How you steer a bicycle

If you attempt to make a right turn on your bicycle before first leaning your bicycle over to the right, centrifugal forces will cause you to crash by falling over to the left.  (These centrifugal forces are the same ones that throw you to the left when you drive a car around a hard right turn.)  Leaning the bicycle to the right allows gravity to cancel the centrifugal forces.  But how do you get the get the bike to lean to the right?  By countersteering, i.e. by turning the handlebars to the left.  In other words to make a right turn, you first turn the handlebars left!   The centrifugal forces will then lean you and your bicycle in the proper direction.

Countersteering shows up in many ways.  For example, you may also have noticed that it is surprisingly difficult to ride clear of a close, high curb.  The difficulty occurs because you have to steer into the curb to get away from the curb.

Once you begin a right turn by countersteering to the left,, you might think that you would eventually turn the handlebars back to the right.  Surprisingly, it turns out that you never need to turn the handlebars right.  Don't believe this?   Try it.  While riding very calmly (perhaps coasting) let go with your left hand and push the handlebars with your right hand.  With this handhold, you can only force the handlebars left, but you and your bike will go right.

The self-steering properties of the bicycle aid the turn.  While standing still, lean a bicycle to the right and the front wheel will automatically steer right.  The self-steering is caused by the bicycles "trail", the distance between the point where the wheel contacts the ground and the point where the steering axis of the front wheel intersects the ground.  The trail is the single most important parameter in designing the bike.  If the trail were to be negative (the wheel contact in front of the steering axis) the bike would be unrideable.  Racing bikes, which need to be very maneuverable, have relatively small trails, typically around 6cm.  Unfortunately, a small trail makes the bike less stable.  Mountain bikes, touring bikes and lower performance bikes often have longer trails to make them more stable and comfortable.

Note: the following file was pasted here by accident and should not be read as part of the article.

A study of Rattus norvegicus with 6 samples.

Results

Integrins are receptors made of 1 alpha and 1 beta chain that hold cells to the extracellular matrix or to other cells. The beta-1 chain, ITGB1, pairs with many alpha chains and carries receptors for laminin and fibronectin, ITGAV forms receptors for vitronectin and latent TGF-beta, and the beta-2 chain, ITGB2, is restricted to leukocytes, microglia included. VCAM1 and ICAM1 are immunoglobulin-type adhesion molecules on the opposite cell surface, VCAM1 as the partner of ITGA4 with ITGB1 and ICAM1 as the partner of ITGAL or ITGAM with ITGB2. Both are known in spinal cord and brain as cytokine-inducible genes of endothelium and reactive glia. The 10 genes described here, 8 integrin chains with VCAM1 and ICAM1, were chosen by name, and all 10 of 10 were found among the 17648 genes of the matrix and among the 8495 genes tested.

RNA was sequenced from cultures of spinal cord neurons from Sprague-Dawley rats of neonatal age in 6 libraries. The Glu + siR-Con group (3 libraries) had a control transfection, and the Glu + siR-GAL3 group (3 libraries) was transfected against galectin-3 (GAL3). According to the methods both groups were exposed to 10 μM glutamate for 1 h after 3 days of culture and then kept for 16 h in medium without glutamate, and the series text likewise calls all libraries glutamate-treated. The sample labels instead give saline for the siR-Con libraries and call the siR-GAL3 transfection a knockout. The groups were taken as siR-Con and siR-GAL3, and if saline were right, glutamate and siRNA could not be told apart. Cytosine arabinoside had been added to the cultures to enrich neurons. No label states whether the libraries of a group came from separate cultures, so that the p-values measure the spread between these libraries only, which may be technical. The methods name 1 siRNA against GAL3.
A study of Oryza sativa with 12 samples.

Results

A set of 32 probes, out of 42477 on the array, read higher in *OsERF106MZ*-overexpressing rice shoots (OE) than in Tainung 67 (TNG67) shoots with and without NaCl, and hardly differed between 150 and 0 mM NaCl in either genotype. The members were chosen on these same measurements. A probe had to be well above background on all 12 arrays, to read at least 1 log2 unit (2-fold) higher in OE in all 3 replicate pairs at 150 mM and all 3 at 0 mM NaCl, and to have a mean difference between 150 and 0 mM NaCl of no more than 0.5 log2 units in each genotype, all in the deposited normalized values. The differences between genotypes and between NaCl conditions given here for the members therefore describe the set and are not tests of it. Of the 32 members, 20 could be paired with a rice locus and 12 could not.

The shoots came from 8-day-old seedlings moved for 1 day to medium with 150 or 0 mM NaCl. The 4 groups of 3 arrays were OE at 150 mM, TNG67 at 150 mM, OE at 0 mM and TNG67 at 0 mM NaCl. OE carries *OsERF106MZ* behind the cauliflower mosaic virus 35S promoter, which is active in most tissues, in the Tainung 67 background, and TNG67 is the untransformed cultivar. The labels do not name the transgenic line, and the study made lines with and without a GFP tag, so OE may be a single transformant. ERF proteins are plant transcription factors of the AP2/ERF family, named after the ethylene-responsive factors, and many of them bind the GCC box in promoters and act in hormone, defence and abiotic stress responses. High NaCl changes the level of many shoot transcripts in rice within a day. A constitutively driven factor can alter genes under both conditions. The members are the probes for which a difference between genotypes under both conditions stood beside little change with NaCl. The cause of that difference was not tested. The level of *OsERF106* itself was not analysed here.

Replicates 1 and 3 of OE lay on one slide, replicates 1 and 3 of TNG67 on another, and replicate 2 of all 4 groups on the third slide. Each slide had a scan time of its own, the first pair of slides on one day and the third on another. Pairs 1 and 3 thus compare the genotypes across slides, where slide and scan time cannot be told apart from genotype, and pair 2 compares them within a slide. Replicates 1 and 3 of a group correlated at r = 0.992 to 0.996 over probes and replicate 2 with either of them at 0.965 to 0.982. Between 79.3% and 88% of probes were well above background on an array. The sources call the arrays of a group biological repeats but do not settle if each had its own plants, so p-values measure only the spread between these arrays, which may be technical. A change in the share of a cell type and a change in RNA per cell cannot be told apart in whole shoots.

A typical right turn goes like this: You initiate the turn by countersteering, turning the handle bars to the left (a,b).  This causes the bike to start to lean over to the right.  As it leans right, the trail forces will try to turn the wheel to the right (c).  Gyroscopic forces like those found in a toy gyroscope will also try to turn the wheel right. By (d), these forces are larger than the force that you are applying to wheel, and the wheel will start to swing around to the proper direction. Finally, in (e) the trail and the gyroscopic forces will have turned the wheel back to the right, the bike will be leaning properly, and you will be in a safe and stable turn.
 

A "no hands" turn is similar, except that it is initiated by throwing your hips counter to the desired turn direction…left for a right turn.   This leans the bike over (to the left for a right turn), causing the trail to turn the wheel counter to the desired direction (left).  Just as in the countersteered turn, the centrifugal forces will then lean the bike in the appropriate direction (right), and the turn will finish executing just as it does for the countersteered turn.